Before you do anything, it’s important to know whether your friend or loved one has an alcohol addiction. Alcohol use disorder, or alcoholism, is more than just drinking too much from time to time. Sometimes alcohol as coping mechanism or social habit may look like alcoholism, but it’s not the same.

Read Choosing Drug Rehab and Addiction Treatment to learn more. Residential treatment or “rehab” facilities provide intensive treatment for alcohol abuse or addiction. Your loved one resides at a special facility for 30 to 90 days and receives treatments such as detox, therapy, and medication. You may be worried that if you bring up your concerns the person https://ecosoberhouse.com/ will get angry, defensive, lash out, or simply deny that they have a problem. Your loved one’s drinking isn’t likely to get better on its own; it’s more likely to get worse until you speak up. Witnessing your loved one’s drinking and the deterioration of your relationship can trigger many distressing emotions, including shame, fear, anger, and self-blame.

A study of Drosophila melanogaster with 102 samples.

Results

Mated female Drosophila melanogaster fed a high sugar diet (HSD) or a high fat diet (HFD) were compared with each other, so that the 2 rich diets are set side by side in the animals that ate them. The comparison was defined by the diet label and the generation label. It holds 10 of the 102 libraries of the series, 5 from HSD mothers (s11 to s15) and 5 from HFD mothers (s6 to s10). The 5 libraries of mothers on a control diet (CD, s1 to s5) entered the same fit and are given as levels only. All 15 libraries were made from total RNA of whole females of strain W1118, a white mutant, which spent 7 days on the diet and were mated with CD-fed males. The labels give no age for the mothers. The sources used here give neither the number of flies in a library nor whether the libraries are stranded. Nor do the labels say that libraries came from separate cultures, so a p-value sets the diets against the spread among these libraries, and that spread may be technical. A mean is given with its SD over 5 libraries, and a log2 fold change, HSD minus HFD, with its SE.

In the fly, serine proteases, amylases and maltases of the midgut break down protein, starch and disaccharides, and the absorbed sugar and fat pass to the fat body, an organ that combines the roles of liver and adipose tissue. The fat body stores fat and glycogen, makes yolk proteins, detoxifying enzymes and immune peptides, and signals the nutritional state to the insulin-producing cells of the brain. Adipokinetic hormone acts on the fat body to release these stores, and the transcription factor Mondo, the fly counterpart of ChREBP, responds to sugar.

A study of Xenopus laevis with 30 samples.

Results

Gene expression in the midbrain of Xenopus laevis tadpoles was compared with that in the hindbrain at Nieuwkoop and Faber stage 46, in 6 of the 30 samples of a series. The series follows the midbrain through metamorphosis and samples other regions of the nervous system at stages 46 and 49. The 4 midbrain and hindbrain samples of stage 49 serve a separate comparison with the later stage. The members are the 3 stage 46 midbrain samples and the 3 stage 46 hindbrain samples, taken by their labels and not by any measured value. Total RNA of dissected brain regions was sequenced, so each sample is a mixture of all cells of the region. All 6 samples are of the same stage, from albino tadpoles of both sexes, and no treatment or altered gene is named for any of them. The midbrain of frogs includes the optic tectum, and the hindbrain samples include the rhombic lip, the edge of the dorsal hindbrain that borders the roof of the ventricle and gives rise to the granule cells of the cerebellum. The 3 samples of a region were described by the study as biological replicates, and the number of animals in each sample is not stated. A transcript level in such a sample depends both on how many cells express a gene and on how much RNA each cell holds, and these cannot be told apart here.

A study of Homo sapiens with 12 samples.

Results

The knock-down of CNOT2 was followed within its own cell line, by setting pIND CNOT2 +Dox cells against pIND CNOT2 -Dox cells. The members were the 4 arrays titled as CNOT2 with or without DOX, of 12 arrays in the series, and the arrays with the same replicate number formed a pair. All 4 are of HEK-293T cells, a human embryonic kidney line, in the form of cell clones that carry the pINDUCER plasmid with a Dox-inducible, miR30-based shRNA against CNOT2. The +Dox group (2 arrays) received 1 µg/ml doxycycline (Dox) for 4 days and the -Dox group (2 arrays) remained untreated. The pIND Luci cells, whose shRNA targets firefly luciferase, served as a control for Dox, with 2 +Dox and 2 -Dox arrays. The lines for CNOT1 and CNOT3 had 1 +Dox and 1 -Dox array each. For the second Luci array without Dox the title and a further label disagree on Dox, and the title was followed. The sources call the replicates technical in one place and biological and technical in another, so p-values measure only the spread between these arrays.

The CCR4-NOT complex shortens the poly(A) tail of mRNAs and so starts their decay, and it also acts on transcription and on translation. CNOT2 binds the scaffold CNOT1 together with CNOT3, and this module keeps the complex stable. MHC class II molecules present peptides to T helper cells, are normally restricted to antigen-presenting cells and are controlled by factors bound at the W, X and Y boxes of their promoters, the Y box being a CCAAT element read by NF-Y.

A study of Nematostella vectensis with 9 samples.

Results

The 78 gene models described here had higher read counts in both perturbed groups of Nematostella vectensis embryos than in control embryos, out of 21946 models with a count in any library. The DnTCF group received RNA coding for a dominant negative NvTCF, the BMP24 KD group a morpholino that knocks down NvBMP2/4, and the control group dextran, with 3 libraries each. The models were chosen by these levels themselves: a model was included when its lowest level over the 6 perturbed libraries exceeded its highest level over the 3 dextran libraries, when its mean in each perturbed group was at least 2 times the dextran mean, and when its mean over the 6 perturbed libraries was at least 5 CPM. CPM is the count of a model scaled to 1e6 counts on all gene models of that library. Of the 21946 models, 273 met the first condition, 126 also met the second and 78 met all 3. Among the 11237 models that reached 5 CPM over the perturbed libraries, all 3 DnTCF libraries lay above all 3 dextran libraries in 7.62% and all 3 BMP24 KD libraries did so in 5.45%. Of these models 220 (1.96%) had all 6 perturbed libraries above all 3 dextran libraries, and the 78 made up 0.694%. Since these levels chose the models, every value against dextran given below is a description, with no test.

Living with Someone Who Has Alcohol Use Disorder

Regardless of the type of support system, it’s helpful to get involved in at least one when getting sober. Sober communities can help someone struggling with alcohol addiction deal with the challenges of sobriety in day-to-day life. Sober communities can also share relatable experiences and offer new, healthy friendships. And these communities make the person with an alcohol addiction accountable and provide a place to turn to if there is a relapse.